Good Night, Irene Dunne; Hollywood Loses An Airy and Elegant Gal from Film's Golden Age
updated 09/17/1990 AT 01:00 AM EDT
•originally published 09/17/1990 AT 01:00 AM EDT
Dunne may have lacked the cachet of her more flamboyant celluloid sisters, but her 41 eclectic films include some of filmland's most entertaining: Cimarron, Back Street, Roberta, The Magnificent Obsession, Show Boat, Theodora Goes Wild, A Guy Named Joe, The Awful Truth, My Favorite Wife and I Remember Mama. Yet despite Dunne's elegant looks and shining screen presence, her spice rack of life lacked a few essential ingredients for a movie queen, namely temperament and scandal. A devout Catholic, she was married only once, to a dentist named Francis Griffin who died in 1965. (Their adopted daughter, Mary Frances, lives in California and has two children.) "It's very hard to write a good story about Irene," noted the columnist Earl Wilson, "because she was too much of a lady to be good copy."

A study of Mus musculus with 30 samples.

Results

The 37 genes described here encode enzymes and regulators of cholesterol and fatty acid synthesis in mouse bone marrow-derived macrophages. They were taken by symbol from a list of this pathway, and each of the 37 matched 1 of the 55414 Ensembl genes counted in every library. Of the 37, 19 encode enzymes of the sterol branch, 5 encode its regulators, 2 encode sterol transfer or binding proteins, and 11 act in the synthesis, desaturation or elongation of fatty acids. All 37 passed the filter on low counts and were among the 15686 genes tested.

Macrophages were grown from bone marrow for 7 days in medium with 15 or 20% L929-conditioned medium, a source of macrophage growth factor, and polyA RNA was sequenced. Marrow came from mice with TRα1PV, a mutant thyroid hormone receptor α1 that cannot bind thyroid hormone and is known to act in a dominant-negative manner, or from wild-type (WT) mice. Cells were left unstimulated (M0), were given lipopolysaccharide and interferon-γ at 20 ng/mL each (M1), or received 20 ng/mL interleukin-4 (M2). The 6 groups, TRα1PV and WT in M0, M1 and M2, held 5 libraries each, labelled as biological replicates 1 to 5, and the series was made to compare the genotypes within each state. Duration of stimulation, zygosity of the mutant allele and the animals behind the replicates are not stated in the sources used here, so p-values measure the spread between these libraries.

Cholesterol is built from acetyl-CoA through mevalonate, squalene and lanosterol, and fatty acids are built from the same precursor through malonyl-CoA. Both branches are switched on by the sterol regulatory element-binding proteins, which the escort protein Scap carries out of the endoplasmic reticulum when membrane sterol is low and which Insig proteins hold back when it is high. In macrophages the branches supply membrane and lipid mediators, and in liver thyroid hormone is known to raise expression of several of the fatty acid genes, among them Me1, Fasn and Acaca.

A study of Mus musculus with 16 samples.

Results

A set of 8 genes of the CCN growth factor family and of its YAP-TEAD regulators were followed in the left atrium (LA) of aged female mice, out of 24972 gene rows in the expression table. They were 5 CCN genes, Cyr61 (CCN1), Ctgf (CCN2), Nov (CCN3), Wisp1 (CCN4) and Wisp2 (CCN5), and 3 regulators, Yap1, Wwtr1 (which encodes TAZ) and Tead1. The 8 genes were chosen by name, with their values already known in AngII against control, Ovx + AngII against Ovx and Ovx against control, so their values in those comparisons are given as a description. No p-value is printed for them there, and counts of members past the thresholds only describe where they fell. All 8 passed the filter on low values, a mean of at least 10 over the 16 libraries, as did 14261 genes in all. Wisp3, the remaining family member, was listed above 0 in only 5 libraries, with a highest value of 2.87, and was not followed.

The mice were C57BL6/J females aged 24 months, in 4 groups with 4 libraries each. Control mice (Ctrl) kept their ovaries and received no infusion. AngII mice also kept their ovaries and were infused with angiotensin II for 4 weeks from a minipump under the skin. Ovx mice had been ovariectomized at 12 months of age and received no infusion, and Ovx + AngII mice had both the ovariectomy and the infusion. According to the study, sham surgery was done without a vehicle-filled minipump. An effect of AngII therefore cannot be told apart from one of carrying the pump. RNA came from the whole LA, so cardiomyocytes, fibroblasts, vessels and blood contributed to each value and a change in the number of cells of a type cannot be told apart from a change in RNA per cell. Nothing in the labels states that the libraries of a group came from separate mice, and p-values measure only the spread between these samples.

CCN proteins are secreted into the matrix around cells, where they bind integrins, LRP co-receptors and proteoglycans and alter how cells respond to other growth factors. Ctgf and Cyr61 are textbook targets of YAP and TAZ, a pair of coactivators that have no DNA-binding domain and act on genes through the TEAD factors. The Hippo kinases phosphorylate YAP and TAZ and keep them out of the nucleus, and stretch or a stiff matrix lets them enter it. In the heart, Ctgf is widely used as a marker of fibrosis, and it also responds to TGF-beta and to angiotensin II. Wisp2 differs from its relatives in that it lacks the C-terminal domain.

Trained in music, the Kentucky-born Dunne first played Irene in a touring company of the musical of that name. After several years on Broadway, she switched to movies in 1930. When she retired from films 22 years later, Dunne kept a low profile, preferring her private life in L.A. to be just that.
Friends say Dunne had a wonderful, sometimes saucy, sense of humor, but that wasn't part of her public persona. She didn't drink and was always impeccably turned out, even refusing to wear slacks. A staunch Republican, Dunne was appointed as a delegate to the United Nations under Eisenhower, and she was one of the recipients of a Kennedy Center Honor during the Reagan administration. "Losing her is like losing a member of the family," said Reagan. "She's a special lady who will live in our hearts forever." For everyone who loves movies, that's the unawful truth.